Fabio Rivas of LenderClose: Knowledge is Power: Creating Borrower Partnerships with Information
Fabio Rivas is Assistant Vice President of Client Relations with LenderClose, Des Moines, Iowa, a portfolio real estate and home equity lending technology platform. As an NMLS licensed mortgage loan originator with experience in mortgage banking as well as finance and insurance, heis a well-versed relationship builder that seeks to inject speed and efficiency into the lending lifecycle.
In today’s world, a wealth of financial information is only a click away. Borrowers can learn almost everything they need to know about a mortgage or home equity loan through a simple Google search. They can even compare lenders and rates, and tailor a loan to fit exactly what they are looking for from the comfort of their own home. Despite all of this information being readily available, some people still lack the appropriate knowledge and confidence to further their financial literacy. As lenders and financial experts, we can bridge this gap by proactively offering resources and information while being better educators and partners to borrowers.
Being a better educator starts with having a full picture of the borrower’s financial situation. By taking a consultative approach, loan officers can ask questions to better understand what goals the potential borrower is trying to achieve. LOs can then provide the appropriate financial education that is relevant to best prepare them for homeownership.
Prioritize financial education
By being more financially aware, borrowers can better understand where they are and what proactive steps they can take to get into a better financial position. Resources like financial workshops, monthly newsletters and webinars are powerful tools that can be offered as part of the lending process. These services will not only establish a relationship built on trust and knowledge, but will even eventually help borrowers establish their financial independence.
In a typical scenario, a borrower approaches a LO after viewing a house with a realtor the previous weekend. They want to make an offer on the house and begin the application process. While the house is listed within a price range they believe is manageable, the borrower could be unaware of potential blemishes on their credit score or challenges with their debt-to-income ratio. These factors can prevent them from making a competitive offer, or potentially not being able to make an offer at all.
Professionals in the mortgage industry can easily forget the lending process is not second nature to most new borrowers. This can leave inexperienced borrowers confused and frustrated about why they are unable to buy their dream home when they want to, and the relationship with their lender can be wounded as a result.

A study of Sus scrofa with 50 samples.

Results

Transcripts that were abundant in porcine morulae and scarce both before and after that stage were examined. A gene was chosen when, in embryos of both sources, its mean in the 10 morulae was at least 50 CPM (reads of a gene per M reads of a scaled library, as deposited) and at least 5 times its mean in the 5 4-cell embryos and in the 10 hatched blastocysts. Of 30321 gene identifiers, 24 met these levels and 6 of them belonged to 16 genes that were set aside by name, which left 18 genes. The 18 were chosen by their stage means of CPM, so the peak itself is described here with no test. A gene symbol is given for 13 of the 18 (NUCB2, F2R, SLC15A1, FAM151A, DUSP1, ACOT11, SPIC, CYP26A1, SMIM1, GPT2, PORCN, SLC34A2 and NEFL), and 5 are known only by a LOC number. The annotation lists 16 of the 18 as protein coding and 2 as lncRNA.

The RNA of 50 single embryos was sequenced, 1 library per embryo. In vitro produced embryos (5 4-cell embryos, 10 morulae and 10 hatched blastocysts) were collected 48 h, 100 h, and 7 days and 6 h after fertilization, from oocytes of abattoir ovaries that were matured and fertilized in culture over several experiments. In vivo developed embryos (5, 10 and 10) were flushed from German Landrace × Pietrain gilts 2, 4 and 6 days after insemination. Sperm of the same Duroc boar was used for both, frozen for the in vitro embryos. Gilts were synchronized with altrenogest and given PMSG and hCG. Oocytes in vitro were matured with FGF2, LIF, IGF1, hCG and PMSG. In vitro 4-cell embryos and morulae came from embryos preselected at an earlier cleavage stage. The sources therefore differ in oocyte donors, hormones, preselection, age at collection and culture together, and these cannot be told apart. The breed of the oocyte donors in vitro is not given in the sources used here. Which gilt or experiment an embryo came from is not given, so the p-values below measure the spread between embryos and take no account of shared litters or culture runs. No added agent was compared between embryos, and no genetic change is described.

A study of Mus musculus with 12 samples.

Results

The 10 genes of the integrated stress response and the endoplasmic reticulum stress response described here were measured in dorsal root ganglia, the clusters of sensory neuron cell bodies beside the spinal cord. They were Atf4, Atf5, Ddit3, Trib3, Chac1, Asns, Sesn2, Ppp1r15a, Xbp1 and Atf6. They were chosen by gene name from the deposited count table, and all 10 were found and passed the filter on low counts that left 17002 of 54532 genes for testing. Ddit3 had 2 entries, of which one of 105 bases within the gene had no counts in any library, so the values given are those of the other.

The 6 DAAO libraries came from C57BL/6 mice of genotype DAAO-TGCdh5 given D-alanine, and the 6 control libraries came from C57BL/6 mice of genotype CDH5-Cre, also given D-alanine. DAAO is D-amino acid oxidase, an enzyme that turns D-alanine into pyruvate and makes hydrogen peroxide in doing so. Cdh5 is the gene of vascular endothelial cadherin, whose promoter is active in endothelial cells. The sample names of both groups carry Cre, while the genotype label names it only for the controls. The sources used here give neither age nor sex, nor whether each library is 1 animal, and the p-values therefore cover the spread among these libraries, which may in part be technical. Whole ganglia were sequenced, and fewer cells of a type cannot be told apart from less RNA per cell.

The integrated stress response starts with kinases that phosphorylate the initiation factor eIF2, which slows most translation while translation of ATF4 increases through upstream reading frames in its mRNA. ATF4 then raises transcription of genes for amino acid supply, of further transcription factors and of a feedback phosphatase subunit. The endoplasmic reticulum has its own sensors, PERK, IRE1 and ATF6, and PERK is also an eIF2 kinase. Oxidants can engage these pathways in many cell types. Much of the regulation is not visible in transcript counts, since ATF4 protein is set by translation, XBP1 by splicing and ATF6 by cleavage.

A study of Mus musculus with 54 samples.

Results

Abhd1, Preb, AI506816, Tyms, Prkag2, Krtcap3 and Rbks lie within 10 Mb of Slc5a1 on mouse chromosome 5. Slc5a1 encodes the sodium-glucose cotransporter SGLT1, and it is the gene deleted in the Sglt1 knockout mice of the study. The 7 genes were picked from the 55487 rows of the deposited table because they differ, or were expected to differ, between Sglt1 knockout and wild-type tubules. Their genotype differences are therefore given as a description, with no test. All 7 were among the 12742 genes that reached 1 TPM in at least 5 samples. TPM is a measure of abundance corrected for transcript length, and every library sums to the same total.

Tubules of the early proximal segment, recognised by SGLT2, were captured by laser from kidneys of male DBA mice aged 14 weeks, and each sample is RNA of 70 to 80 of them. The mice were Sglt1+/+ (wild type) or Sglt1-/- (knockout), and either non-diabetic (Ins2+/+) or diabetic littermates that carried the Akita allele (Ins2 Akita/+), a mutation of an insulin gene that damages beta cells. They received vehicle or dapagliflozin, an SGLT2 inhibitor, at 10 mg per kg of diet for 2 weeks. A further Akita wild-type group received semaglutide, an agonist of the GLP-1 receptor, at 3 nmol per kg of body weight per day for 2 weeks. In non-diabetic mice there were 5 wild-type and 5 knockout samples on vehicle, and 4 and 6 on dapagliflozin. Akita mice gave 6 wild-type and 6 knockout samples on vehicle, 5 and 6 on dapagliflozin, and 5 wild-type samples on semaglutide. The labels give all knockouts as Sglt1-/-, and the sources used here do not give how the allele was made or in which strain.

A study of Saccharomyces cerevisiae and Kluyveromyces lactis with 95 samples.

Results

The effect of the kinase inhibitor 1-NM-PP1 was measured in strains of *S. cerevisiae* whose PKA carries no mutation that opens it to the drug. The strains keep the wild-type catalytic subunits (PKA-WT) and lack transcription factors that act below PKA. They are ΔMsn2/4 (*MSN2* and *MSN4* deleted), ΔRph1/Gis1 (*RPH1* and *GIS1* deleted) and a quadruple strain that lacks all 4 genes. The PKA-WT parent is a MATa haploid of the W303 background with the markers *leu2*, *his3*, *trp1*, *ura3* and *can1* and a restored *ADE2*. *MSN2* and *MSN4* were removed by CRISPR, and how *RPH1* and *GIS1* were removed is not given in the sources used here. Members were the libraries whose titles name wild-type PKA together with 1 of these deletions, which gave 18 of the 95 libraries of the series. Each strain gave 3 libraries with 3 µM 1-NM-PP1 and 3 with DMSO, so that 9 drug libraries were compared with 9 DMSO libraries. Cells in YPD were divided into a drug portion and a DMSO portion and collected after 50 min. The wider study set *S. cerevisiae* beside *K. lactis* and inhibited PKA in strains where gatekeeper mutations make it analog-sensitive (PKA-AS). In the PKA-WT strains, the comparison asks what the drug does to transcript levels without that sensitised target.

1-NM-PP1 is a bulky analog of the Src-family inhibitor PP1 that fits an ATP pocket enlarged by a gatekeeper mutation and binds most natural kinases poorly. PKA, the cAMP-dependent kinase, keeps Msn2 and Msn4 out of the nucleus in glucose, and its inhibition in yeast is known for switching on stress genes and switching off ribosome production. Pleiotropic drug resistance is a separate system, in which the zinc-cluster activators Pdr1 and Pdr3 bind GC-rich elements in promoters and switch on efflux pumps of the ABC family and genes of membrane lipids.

Lenders should make borrowers aware that pre-qualification for funding should be the first step to homeownership and can eliminate the disappointment of missing a home they really want. It is important to explain to borrowers that starting the pre-qualification three to six months before looking can make home shopping less stressful and allow them to make offers quicker.
Lenders must also educate borrowers on the factors that affect pre-qualification, such as how long they have been at their job, their debt-to-income ratio, current credit score and if there are going to be additional applicants on the loan.
Offer credit counseling
Borrowers may not understand the significance of a credit score or how to improve it. LOs can help borrowers be more at ease when asking credit-related questions by prompting a natural conversation. For example, a borrower may ask if an unused credit card should be closed out, and an LO can explain that it could be positively contributing to their length of credit history. From there, LOs can propose opportunities that could help boost the borrower’s credit score. For example, there may be an opportunity to suggest a borrower focus their efforts for the next six months on keeping their credit utilization rate below 30%, which can be done by making payments more frequently and not accruing new debt. If a borrower is not already aware of this concept, it can make the difference between improving or damaging their score and the likelihood they can buy the house they want.
Borrowers feel confident and knowledgeable when they are informed. Lenders can establish a more seamless experience for everyone involved and generate mutually beneficial relationships built on trust by offering resources and prioritizing education that can spur more knowledgeable borrowers.
(Views expressed in this article do not necessarily reflect policy of the Mortgage Bankers Association, nor do they connote an MBA endorsement of a specific company, product or service. MBA NewsLink welcomes your submissions. Inquiries can be sent to Mike Sorohan, editor, at firstname.lastname@example.org; or Michael Tucker, editorial manager, at email@example.com.)